I love several cable TV challenges, like Food Network Star, which I’ve followed for three years – and tonight’s finale culminated not only with the contestant winning who Doug wanted but with the challenge to sign up for next year’s challenge.
Wow . . . me on the Food Network Challenge . . . I don’t think so.
I have plenty of experience; fifty-five years give or take a few, but no training. I started cooking when I was in the fourth grade, and my mom had taken a part-time job. I thought I’d surprise her with what I imagined would be spaghetti. It wasn’t. Later I learned Italian tomato sauce doesn’t have eggs and carrots.
Undaunted I knew I needed a recipe so I opened my mother’s dog-eared cookbook and found a good one. At least I could read what all the ingredients were. However, I later found out even experienced bakers shy away from hot-milk sponge cakes -- the one I had chosen. Mine never materialized because I remembered I wasn’t allowed to light the pilot light in our gas oven.
Within months my mom quit that job.
After my initial foray into cooking, I was invited to watch the cooking instead of do the cooking. I started cooking for real when I was in college – and I rarely referred to a recipe book. Usually I just followed the directions on the back of Chef Boyardee pizza box, and improvised. Improvisation well describes my culinary technique for the next several years, as does imitation. I cooked by trying to remember what I'd seen others do. That technique made for some interesting meals.
When I got married, though, I was given cookbooks. My mom gave me The Maryland Way cookbook and Southern Living’s Entertaining (1972), which offered lots of practical tips and pictures. Then I started buying cookbooks – enough to fill several bookshelves. Most are still in storage in Maryland. Now I read Cooks Illustrated and Real Simple recipes. And Recipe.com is a godsend!
I like following a recipe, something somebody else has tested, to get me started, or my resourceful impulses might sway me to add carrots and milk again. The ones I like best have lots of pictures of meals with a minimal number of ingredients. I developed favorites that I almost can make blindfolded. (Every once in a while, alas, they’ve tasted that way, too.) When I have a success, however, it’s sometimes hard to remember what I did put in.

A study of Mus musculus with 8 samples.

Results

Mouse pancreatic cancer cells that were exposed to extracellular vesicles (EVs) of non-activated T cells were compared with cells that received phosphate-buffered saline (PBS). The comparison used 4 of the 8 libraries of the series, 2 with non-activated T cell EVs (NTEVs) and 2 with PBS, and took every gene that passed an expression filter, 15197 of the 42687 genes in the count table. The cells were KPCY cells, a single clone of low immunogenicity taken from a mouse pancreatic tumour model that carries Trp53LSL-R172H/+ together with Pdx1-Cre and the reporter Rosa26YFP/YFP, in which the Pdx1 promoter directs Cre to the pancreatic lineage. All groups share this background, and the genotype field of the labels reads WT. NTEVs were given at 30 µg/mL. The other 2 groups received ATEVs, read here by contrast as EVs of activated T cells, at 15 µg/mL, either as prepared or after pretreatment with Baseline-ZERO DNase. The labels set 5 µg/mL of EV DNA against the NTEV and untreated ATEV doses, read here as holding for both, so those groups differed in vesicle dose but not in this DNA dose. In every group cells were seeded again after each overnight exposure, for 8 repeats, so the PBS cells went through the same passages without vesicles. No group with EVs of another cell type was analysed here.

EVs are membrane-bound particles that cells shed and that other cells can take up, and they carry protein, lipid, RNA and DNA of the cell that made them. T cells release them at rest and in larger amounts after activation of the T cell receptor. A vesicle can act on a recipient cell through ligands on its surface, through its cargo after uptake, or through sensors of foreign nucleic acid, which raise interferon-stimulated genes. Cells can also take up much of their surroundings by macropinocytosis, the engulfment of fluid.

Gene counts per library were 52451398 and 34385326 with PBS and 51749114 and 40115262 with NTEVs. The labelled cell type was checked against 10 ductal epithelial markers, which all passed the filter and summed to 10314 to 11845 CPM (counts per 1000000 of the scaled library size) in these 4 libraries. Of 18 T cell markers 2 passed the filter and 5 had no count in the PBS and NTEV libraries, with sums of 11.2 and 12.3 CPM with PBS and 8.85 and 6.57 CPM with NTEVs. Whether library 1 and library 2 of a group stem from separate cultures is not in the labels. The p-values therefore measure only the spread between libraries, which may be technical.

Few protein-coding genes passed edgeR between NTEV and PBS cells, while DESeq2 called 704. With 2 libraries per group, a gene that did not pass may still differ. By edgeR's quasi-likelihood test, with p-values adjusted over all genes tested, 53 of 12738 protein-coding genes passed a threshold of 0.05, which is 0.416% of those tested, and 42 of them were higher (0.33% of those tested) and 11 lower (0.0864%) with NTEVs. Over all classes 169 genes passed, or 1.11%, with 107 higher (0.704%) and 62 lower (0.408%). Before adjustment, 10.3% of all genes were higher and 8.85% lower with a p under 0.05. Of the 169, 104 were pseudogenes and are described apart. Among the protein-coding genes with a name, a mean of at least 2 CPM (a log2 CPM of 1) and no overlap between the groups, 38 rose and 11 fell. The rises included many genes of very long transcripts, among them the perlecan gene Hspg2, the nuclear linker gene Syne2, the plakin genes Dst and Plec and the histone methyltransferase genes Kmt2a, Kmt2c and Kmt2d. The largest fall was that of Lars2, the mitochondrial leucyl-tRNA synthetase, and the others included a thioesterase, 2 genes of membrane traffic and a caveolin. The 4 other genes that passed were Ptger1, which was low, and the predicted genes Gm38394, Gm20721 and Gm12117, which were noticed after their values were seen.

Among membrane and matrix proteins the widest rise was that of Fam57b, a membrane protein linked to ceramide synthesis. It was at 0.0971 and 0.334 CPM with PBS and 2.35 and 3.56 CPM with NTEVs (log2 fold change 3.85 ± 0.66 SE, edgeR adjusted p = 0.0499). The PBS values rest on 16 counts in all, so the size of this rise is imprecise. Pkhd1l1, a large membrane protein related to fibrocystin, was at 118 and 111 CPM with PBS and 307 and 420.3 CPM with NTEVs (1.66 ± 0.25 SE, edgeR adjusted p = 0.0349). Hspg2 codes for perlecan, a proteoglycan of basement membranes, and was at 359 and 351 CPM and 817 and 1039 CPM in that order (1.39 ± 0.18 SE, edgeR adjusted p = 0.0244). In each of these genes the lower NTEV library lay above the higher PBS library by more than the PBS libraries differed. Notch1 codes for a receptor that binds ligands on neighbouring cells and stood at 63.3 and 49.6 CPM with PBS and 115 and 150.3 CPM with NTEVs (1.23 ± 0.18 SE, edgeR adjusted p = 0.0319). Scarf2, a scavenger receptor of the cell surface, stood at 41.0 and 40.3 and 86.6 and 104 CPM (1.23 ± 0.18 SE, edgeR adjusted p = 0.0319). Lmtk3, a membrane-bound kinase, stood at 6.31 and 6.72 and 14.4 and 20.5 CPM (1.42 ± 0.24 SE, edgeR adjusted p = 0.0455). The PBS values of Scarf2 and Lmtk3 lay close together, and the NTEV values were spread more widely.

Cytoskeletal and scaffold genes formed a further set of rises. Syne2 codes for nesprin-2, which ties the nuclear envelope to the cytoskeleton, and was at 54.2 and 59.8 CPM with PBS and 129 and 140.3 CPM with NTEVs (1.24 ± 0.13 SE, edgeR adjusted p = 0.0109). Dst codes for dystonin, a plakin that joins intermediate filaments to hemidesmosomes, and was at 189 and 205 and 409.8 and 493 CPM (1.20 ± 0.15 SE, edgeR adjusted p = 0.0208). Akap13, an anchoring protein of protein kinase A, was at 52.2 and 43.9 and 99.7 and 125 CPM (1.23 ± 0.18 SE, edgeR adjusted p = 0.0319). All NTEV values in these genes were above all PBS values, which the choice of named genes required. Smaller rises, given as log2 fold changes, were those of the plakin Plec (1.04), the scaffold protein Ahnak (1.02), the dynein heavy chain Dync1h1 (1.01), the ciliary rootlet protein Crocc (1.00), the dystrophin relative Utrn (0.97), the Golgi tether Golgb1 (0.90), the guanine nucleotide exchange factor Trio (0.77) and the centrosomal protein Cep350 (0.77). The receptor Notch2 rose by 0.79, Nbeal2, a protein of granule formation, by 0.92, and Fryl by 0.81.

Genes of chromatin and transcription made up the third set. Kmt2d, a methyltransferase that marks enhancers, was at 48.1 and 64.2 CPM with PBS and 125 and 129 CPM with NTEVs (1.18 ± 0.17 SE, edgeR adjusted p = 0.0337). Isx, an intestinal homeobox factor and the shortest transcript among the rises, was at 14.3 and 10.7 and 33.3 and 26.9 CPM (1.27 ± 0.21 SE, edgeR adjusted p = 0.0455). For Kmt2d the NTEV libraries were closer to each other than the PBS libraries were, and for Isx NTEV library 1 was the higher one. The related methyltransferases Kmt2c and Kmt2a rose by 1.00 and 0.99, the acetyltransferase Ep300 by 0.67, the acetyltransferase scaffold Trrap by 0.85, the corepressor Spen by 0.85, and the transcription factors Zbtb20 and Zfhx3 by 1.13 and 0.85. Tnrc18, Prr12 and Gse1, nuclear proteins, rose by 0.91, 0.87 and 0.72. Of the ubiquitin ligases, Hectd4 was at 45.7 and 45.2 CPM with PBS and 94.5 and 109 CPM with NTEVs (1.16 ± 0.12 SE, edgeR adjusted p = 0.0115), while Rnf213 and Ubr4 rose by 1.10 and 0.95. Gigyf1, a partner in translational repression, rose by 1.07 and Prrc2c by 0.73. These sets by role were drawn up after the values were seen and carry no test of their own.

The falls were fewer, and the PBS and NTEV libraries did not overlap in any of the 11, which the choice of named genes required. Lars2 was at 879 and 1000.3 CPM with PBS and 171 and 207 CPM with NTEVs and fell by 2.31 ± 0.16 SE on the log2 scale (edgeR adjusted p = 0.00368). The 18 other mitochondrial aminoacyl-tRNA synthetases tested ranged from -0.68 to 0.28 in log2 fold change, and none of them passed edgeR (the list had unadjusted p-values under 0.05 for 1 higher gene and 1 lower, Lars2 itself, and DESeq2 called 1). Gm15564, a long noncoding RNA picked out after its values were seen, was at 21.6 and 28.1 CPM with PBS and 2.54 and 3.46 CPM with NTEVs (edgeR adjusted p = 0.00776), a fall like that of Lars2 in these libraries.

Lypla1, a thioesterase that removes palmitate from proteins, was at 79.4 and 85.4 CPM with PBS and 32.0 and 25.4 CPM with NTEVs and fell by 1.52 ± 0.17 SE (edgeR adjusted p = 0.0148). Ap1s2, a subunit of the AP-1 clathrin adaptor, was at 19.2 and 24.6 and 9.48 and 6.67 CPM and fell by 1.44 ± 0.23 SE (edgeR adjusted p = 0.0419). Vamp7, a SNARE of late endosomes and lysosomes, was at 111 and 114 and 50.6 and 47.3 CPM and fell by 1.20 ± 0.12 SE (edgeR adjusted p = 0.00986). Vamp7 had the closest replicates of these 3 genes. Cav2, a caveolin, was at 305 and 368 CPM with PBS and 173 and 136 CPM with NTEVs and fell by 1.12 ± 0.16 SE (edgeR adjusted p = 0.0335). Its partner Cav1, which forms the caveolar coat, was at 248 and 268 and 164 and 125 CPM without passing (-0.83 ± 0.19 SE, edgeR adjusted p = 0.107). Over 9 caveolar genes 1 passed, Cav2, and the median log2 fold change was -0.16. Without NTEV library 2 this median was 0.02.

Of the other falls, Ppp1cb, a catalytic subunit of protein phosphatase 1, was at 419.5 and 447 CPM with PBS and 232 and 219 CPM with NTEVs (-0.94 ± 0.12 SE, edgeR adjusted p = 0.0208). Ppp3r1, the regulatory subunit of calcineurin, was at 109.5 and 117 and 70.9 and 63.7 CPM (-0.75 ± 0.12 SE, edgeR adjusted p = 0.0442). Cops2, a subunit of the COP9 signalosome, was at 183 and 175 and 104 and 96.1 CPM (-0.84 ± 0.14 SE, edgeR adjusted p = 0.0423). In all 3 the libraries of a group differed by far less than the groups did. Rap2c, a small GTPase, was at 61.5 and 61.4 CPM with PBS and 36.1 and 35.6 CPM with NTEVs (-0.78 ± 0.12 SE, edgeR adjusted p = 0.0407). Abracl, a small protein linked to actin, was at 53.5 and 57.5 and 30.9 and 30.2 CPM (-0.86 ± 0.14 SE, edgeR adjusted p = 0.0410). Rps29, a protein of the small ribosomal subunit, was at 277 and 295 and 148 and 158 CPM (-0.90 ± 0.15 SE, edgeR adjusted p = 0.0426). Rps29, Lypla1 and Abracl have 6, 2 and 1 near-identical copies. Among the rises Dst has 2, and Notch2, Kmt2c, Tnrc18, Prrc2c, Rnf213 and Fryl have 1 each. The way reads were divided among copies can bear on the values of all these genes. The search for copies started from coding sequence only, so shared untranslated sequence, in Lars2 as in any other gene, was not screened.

None of this would make compelling, instructive or entertaining TV.
Some of my disasters might be funny. At least now I can laugh about them. Like the first evening we entertained Doug’s dad. I decided we would have leg of lamb. The recipe included adding a few cloves of garlic stuffed under the skin before roasting. If three or four cloves were good, why not put the whole flower in, I reasoned? It smelled divine while cooking; the response was remarkably similar to the one I got when I proudly served my first spaghetti dinner. My father –in-law insisted for months after that we always go out to dinner until I redeemed myself and offered a decent meal.
My husband and kids were always good sports if I branched out. Even when I offered my son a slice of chocolate cake from the I Hate to Cook cookbook, he didn’t make a big deal when he took a bite. It was an easy recipe made with fun ingredients like cocoa, soda, vinegar flour and sugar. I forgot the sugar. Not a good thing. (Peg Bracken) However, neither of the kids ever pressured me to make Christmas cookies after that
When we arrived in Dallas several years ago, I cooked routinely for Doug’s mom, since the ladies who were looking after her did not cook. My mother-in-law was used to eating her meals at tables set properly. No condiment bottles ever strayed on to her table! It was more of a challenge to remember what I had learned in 7th grade Home-Ec about linens and liners than any of my go-to recipes!
One thing about remembering all my cooking “experience” I know I couldn’t hack what these kids pulled off, even the ones who were the first off the show! The Food Network is doing a great job inspiring all these cooks to be professionals – especially in a town like Dallas where there are nifty restaurants – with carryout’s on just about every corner. I am inspired to eat their food.